BACKGROUND: Immunosuppressive CD4+Foxp3+ T regulatory cells (Treg) play a vital role in immune regulation. Thus, Treg contribute to the prevention of autoimmune disease and graft-versus-host reactions following allogeneic stem cell transplantation (alloSCT) but also to the inhibition of effective anti-tumor T cell responses. It has previously been suggested that the frequency of Treg is increased in the peripheral blood of patients with multiple myeloma (MM). However, little is known about the presence of Treg in the bone marrow and it is unclear whether allogeneic stem cell transplantation might deplete Treg from this immune compartment.

METHODS: In the present study, we analyzed percentages of CD4+Foxp3+ Treg as well as Treg expression of CD45RA and CCR7 in the bone marrow (BM) and in the peripheral blood of MM patients who had received alloSCT (N=42), in newly diagnosed MM patients (N=18), and in healthy controls (N=15) using flow cytometry. In addition, we performed inhibition assays in order to test the functional relevance of peripheral and BM-residing Treg.

RESULTS: While newly diagnosed MM patients and healthy controls showed no significant difference in the proportions of CD4+Foxp3+ Treg in the bone marrow, percentages of BM-residing CD4+Foxp3+ T regulatory cells were markedly higher (p<0.001 and p<0.01) in patients post alloSCT (3.3±0.3%) than in normal BM (1.0±0.3%) or in BM of untreated MM patients (1.8±0.4%). In both groups of patients (p<0.05) as well as in the healthy controls (p<0.001) percentages of Treg were higher in the peripheral blood than in the bone marrow. While there were no differences regarding the percentages of peripheral Treg between the remaining groups, patients post alloSCT had higher percentages of peripheral Treg than newly diagnosed patients (5.6±0.8 vs. 3.2±0.7%, p<0.05). More than 90% of these donor-derived peripheral and BM-residing Treg expressed a memory T cell phenotype, being negative for CD45RA and CCR7. Importantly, peripheral as well as BM-residing Treg of patients post alloSCT were capable of inhibiting the proliferation of autologous non-Treg CD4+ T cells.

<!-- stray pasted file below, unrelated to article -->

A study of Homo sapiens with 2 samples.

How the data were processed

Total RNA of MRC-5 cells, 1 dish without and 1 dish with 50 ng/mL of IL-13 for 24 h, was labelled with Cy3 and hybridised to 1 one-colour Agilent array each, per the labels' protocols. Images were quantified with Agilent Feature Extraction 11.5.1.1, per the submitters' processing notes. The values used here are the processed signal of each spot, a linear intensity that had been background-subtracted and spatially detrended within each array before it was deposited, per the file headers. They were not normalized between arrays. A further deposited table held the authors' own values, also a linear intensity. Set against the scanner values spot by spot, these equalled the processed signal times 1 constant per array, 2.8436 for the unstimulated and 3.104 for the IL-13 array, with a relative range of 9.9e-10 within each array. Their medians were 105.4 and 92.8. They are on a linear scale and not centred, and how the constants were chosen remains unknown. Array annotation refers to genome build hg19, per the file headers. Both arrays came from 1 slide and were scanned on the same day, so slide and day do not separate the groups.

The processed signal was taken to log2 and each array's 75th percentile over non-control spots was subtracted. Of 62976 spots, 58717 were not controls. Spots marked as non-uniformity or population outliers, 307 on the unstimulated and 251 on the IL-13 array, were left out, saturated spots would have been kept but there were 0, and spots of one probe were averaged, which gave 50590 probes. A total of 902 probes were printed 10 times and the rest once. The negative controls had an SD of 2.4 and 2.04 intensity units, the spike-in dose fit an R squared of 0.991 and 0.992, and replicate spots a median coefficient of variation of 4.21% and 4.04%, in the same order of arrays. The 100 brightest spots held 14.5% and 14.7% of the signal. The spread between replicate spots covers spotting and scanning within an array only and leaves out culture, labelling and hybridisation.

CONCLUSION: Our study demonstrates for the first time an increased frequency of immunosuppressive Treg in the bone marrow of MM patients. Remarkably, in our patients these memory-type Treg were all donor-derived and led to an efficient replenishment of Treg in the periphery. These Treg might be necessary for the prevention of graft-versus-host disease in the transplanted MM patients, however, they might also contribute to the failure of an effective graft-versus-myeloma effect in the majority of the patients.

Disclosure: No relevant conflicts of interest to declare.